RELATIVES of those who lost their lives in a maritime tragedy 81 years ago gathered on Penrose Quay yesterday as a lone bagpiper opened the proceedings of a commemorative event on the anniversary of the disaster.
The SS Ardmore left her berth at Penrose Quay with a cargo of livestock bound for Fishguard in Wales on November 11, 1940, but was never seen again. Twenty-four men, including 16 from Cork, were on board.
In the days after, air and sea searches of her route came to nothing but over the following weeks, some wreckage and livestock were washed ashore both on the Welsh Pembrokeshire coast and on the Saltee Islands, off Wexford.
In December, the bodies of the captain and two crew members were found.
What caused the demise of SS Ardmore was not confirmed for nearly 60 years but it was feared she might have struck a mine.
This theory was proved correct in February 1998 whenreported that the wreck of SS Ardmore had been located by divers three miles from the Saltee Islands in 183 feet of water.
The hull bore evidence of a massive explosion near the engine room.
Lord Mayor of Cork, Cllr Colm Kelleher was in attendance at yesterday’s commemoration ceremony held at Michael Collins Bridge where there is a plaque remembering those who died in the disaster.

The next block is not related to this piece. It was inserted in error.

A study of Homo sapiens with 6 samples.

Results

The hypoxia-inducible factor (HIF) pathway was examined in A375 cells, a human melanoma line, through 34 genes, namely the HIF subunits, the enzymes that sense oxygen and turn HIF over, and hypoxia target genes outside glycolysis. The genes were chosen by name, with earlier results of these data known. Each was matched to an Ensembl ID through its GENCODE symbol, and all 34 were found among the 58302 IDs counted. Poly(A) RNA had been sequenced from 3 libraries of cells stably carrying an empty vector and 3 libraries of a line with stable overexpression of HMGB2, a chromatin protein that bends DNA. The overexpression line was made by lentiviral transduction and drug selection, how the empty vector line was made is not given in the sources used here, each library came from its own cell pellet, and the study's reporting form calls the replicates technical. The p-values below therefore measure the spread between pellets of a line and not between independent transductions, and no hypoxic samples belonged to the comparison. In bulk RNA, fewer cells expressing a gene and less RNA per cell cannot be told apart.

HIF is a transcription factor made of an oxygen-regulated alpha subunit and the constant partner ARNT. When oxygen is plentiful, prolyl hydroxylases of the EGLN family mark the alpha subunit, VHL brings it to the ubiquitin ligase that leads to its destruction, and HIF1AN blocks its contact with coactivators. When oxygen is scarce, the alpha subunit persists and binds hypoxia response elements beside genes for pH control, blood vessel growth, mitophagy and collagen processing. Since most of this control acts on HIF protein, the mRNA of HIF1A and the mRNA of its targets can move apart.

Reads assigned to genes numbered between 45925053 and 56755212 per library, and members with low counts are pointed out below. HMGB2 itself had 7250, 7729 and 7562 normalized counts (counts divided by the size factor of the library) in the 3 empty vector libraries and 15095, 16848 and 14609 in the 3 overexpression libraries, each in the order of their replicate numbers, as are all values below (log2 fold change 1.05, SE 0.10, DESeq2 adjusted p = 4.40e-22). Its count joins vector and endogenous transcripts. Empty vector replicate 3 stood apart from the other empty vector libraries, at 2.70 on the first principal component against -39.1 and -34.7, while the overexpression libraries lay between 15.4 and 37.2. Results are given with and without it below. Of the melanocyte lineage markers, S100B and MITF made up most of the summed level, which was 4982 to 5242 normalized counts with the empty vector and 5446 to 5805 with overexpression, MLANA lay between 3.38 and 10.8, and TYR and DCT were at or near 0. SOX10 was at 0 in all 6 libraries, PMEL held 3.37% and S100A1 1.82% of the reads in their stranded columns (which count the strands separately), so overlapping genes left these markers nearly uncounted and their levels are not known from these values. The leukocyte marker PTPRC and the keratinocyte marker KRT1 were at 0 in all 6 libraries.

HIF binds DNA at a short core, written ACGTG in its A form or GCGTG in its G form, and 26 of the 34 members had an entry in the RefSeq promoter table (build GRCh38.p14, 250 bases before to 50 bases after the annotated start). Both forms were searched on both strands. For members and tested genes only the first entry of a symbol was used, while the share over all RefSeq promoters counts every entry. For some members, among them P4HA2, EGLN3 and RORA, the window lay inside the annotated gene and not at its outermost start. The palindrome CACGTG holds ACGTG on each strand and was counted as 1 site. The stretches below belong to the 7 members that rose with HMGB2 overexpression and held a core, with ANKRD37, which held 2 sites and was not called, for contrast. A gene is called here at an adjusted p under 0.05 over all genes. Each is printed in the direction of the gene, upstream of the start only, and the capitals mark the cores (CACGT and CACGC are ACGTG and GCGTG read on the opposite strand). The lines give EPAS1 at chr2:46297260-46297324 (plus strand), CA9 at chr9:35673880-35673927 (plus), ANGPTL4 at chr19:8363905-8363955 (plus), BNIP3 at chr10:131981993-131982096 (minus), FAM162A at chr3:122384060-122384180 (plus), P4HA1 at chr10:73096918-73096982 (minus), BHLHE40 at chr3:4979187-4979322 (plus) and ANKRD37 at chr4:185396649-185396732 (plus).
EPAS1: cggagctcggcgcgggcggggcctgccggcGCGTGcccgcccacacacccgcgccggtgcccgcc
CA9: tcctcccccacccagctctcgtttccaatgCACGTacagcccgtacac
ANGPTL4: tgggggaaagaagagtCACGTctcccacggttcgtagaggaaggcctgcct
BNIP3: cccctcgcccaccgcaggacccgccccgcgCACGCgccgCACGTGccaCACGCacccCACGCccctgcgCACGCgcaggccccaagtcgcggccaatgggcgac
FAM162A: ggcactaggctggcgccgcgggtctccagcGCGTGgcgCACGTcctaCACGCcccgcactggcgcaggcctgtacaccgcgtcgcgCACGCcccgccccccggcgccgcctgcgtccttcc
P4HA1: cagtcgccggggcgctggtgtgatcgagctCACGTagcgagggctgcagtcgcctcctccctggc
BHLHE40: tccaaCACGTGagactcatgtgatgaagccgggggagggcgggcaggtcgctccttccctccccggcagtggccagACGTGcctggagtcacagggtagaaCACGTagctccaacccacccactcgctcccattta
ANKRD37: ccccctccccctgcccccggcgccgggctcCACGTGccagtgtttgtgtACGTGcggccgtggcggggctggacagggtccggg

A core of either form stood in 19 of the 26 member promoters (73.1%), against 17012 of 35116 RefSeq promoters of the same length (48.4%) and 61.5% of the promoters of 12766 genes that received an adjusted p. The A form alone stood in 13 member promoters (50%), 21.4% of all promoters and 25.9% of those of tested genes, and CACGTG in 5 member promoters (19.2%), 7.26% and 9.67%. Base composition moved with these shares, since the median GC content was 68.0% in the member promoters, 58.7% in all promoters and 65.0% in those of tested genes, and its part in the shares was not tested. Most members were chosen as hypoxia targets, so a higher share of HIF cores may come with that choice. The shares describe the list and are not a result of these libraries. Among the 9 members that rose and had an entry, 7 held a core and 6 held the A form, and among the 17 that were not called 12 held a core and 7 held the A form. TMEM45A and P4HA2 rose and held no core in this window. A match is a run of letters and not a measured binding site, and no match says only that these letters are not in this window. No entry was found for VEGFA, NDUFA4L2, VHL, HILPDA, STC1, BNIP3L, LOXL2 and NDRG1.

Speaking to, he said it was a poignant occasion to mark the 81st anniversary of the sinking of the SS Ardmore.
“Unfortunately it was the victim of an international conflict and it was a complete unintentional loss of life,” he said.
“It’s great to see so many people here to remember those people who sadly lost their lives.
“I’m delighted, although it’s in the miserable rain, to be here today to commemorate the lives lost.”
The commemoration event was organised by Noel Raymond from Dillons Cross, whose granduncle Michael was on board the ill-fated ship.
Ahead of the anniversary, Noel had appealed to people to join him in marking the occasion and had organised for a priest to say prayers at the plaque.
He said the response to the appeal, published inand on EchoLive.ie, was “overwhelming”.
“People contacted me from as far as South Australia and Canada.”
Among the relatives in attendance was Timothy O’Flynn from Fairhill whose grandfather was on board the SS Ardmore that night.
“My father never spoke about his father. He was only 15 when died.”
Janet Murphy, whose great-grandfather John Cronin lost his life on the ship was also in attendance.
“My great grandmother was pregnant on my father at the time when the ship went down,” she said.
“My son is with me here today. It’s great to attend and to hear the different stories.”
Yesterday’s event was also live-streamed for those who were not able to attend, on a new Facebook page Noel has created entitled 'SS Ardmore vessel Cork city’.